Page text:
In 1603, King Henry IV of France issued a patent to a gentleman known as the Sieur de Monts for that part of North America known already to the French as "Acadia."
It was a Micmac Indian word meaning "homeland." The patent to de Monts was for land between eastern Cape Breton Island, Nova Scotia, south to the Hudson River, and west to the Pacific Ocean. North America was still terra incognita then, and neither King Henry nor de Monts knew what he was talking about, but today a $10 bill won't get you a pail of any of it.
The patent became the colonial New France. King Henry supported his right to issue the patent on the previous explorations of Jacques Cartier, who had looked Canada over, started fisheries and peltries, and had
settlements at Tadoussac and Quebec well before St. Augustine, down in la Floride, had parking meters. Certainement!
By 1613 the French village of St. Sauveur on Maine's Mount Desert Island was busy-busy corning fish, with population enough to support two priests and keep milking cows. By that time the English recognized the French success in America and took steps. For a starter they sent a warship, which
made an unprovoked attack on St. Sauveur and demolished it.
A cannonball hit one of the priests and the other one, Father Biard, was kidnapped along with a cow. The cow spoke only French, and Father Biard was to take care of her until somebody aboard ship learned the language. But by that time the French were doing well, and the English decided that the best way to cope was to do as the French did and colonize.
So on March 31, 1605, the Archangel sailed for America under command of Capt. George Weymouth, who seems to have been an English naval officer at times but probably a bit of a pirate at others. He had been to America many times. His ship was well built for its purpose, had a considerable crew (including a historian named James Rosier), and was provisioned and outfitted fully.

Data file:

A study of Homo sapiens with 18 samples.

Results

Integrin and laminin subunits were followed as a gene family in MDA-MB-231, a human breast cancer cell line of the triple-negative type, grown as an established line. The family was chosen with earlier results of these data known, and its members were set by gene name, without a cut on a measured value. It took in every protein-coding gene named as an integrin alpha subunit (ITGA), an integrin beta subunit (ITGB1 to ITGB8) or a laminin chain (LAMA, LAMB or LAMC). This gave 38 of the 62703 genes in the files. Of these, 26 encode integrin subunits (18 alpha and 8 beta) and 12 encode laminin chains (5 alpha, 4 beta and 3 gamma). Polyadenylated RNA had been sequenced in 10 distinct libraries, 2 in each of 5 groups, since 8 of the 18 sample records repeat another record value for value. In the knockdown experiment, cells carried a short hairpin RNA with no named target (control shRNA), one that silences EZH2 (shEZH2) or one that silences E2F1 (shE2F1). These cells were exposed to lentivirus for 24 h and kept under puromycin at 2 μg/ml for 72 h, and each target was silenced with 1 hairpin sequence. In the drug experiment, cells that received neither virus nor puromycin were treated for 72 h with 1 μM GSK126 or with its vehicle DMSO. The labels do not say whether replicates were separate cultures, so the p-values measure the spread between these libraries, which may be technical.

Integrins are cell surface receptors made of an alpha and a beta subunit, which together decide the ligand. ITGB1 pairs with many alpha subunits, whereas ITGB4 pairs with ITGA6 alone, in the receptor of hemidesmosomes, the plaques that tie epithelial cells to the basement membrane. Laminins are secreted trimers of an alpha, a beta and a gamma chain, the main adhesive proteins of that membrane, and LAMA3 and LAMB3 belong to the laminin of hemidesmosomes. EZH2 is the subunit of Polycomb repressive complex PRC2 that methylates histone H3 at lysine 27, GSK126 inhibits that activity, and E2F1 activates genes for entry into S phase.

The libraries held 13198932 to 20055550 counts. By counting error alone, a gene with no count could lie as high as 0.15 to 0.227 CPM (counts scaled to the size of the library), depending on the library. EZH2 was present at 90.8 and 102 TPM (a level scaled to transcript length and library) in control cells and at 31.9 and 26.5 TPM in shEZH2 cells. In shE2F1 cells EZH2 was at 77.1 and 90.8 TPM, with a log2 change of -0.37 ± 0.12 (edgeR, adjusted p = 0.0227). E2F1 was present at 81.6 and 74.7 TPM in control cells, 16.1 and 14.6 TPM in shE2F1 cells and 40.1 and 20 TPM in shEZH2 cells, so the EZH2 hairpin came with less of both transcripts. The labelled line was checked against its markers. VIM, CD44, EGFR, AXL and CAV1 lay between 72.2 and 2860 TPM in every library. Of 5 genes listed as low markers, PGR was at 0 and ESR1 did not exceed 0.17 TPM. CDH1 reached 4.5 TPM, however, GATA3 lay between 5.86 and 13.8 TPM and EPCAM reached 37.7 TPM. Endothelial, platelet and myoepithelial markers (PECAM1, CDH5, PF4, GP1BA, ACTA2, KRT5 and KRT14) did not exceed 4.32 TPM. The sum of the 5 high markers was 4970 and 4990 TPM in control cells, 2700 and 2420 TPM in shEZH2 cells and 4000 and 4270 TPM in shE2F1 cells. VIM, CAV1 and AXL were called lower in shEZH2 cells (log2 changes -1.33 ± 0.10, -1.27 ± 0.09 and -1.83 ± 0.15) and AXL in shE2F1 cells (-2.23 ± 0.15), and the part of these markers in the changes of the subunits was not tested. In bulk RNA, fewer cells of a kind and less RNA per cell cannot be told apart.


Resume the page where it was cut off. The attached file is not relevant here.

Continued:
The Archangel made landfall off Cape Cod on May 12. Then she went down the coast of "the Maine," which meant the mainland of North America, and specifically Monhegan Island, where British fish carriers had been loading cod for several summers.
Captain Weymouth surmised it would be wise to locate an English settlement near that area, which was near the fishing grounds, but also not too close to French settlements. The captain did much exploring, Rosier wrote glowing reports, and the mouth of the Sagadahock (Kennebec) River was chosen as a settlement site.
Then Captain Weymouth "kidnapped" five Indians to take back to England. One was the Pemaquid sachem Tisquantum, who never seemed unhappy about it, for he spent a jolly winter in the London home of Lord Chief Justice Popham, not a bad address, and he returned to Maine the next spring. Tisquantum (or Squanto) was the one who welcomed the Pilgrims to Plymouth in 1620 and was amazingly proficient in English.
As a result of Weymouth's voyage and other events, the British crown issued patents to companies that would trade in North America: the London Company and the Plymouth Company.
The former got Virginia and the latter got New England. The English naturally paid no attention to the fact that the French King had already given New England to de Monts.
On May 31, 1607, the Plymouth Company's vessels, the Gift of God and the Mary and John, sailed from Plymouth, England. They were well supplied with provisions and tools, and carried 120 men. The voyage was propitious. Debarkation came about Aug. 18, and we do know it was on a Saturday because the next day was Sunday. The colonists are not treated kindly by the historians.
Gathered off the streets of England, they were riffraff and scoundrels, so it is said. However, the expedition included a chaplain, Richard Seymour, and the men were under life-and-death control by the Plymouth Company right down to conduct and coinage.
When ordered to attend church services, they went. And on Sunday, the total colonial company came ashore by longboat and pinnace, and devoutly took part in a Christian service of thanksgiving, followed by a feast of thanksgiving cooked on the shore.
That's the way it was described by the Rev. Mr. Seymour. The first thanksgiving dinner in the New World was Maine lobster with steamed mussels and boiled dried peas. Some of the men found pearls in the mussels. No Indians attended.
Squanto might have come if he'd been invited, as he lived at the Indian village of Pemaquid, just a moccasin step upstream where he walked about with an ebony stick imitating London society. It would be 13 years yet before immigration reached the point that he could go into the welcoming business.